CHESNO: Office of the Verkhovna Rada flagrantly violating Public Information Act
The Office of the Verkhovna Rada is flouting the Law on Access to Public Information and refusing to provide the civic movement CHESNO with MPs’ income declarations.
Activists from the movement have asked the head of the Department for Ensuring Access to Public Information of the President’s Administration, Denis Ivanescu to help them receive the declarations.
CHESNO says that the Office of the Verkhovna Rada is hiding behind the Personal Data Protection Act by claiming that the information on the declarations is “confidential”. “In conditions where the mechanism of legal regulation is incomplete”, it says, it is refusing to provide the information.
CHESNO states that this is the latest example of flagrant violations by the Office of the Public Information Act and a demonstration of reluctance to engage in dialogue with the public.
Lawyer Dmytro Kotlyar points out that Article 6 of the Public Information Act and Article 5 of the Personal Data Protection Act clearly and unequivocally state that deputies’ declarations are not confidential and access to them may not be restricted. He says the refusal to provide them is absurd since according to the Law on the Principles of Preventing and Countering Corruption, deputies’ declarations must be published in printed publications.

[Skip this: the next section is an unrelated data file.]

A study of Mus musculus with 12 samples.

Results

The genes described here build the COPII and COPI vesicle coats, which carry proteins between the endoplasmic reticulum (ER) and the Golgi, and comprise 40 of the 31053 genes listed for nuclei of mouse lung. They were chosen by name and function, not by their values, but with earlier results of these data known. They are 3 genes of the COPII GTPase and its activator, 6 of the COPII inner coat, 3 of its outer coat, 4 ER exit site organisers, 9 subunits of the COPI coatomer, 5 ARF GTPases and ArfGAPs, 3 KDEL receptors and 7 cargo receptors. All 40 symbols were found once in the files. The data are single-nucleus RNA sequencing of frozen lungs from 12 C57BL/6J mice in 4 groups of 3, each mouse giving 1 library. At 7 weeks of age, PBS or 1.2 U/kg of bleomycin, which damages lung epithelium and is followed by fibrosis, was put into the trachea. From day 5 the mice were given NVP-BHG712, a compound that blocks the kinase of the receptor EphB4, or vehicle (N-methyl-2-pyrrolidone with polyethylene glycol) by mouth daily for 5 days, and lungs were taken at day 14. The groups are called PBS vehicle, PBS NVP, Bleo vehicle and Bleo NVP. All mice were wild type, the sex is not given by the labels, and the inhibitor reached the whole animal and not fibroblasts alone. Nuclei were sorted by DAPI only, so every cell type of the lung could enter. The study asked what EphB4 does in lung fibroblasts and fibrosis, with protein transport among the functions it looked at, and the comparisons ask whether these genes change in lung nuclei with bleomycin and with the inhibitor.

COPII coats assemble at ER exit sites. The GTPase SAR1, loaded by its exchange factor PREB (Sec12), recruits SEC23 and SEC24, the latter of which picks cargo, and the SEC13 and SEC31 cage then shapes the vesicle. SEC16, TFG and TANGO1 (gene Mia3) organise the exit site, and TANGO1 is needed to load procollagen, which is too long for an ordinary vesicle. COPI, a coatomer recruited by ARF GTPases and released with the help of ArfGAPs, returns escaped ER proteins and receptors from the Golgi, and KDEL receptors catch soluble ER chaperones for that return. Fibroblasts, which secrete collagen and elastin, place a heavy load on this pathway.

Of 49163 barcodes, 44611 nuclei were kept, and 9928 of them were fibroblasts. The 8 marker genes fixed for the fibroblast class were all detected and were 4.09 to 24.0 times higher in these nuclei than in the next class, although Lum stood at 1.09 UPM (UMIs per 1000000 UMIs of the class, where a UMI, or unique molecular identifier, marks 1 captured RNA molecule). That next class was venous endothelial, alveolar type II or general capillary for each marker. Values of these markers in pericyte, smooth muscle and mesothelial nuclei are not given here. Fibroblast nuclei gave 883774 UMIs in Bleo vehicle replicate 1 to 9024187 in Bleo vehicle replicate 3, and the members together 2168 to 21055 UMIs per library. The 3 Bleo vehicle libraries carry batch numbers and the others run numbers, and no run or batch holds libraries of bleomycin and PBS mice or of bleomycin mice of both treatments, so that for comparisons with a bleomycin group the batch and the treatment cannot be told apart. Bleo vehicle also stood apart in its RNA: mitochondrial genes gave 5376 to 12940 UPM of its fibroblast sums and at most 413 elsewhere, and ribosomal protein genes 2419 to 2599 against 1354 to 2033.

The information requests are being sent as part of a civic audit by CHESNO together with analysts from the Committee of Voters of Ukraine.
They want to ascertain whether deputies and candidates for such posts comply with 6 core democratic values:
- No infringements of human rights and civil liberties;
- Unwavering political position corresponding to the will of the voters;
- No involvement in corrupt activities;
- Transparency of declared income and property and their correspondence to the person’s lifestyle;
- Personal voting in parliament;
- Participation in parliamentary sessions and the work of parliamentary committees.
As reported, the website Ukrainska Pravda has lodged a civil claim against the Office of the Verkhovna Rada over its refusal to divulge which MPs elected in this session have received State-owned flats. The Office of the Verkhovna Rada claimed that this was confidential information which could only be given out with the person’s consent.
In fact, it is clear from legislation on information that the failure to provide full information in this case was unlawful. Legal consultation and representation in that case is being provided by the Media Law Institute.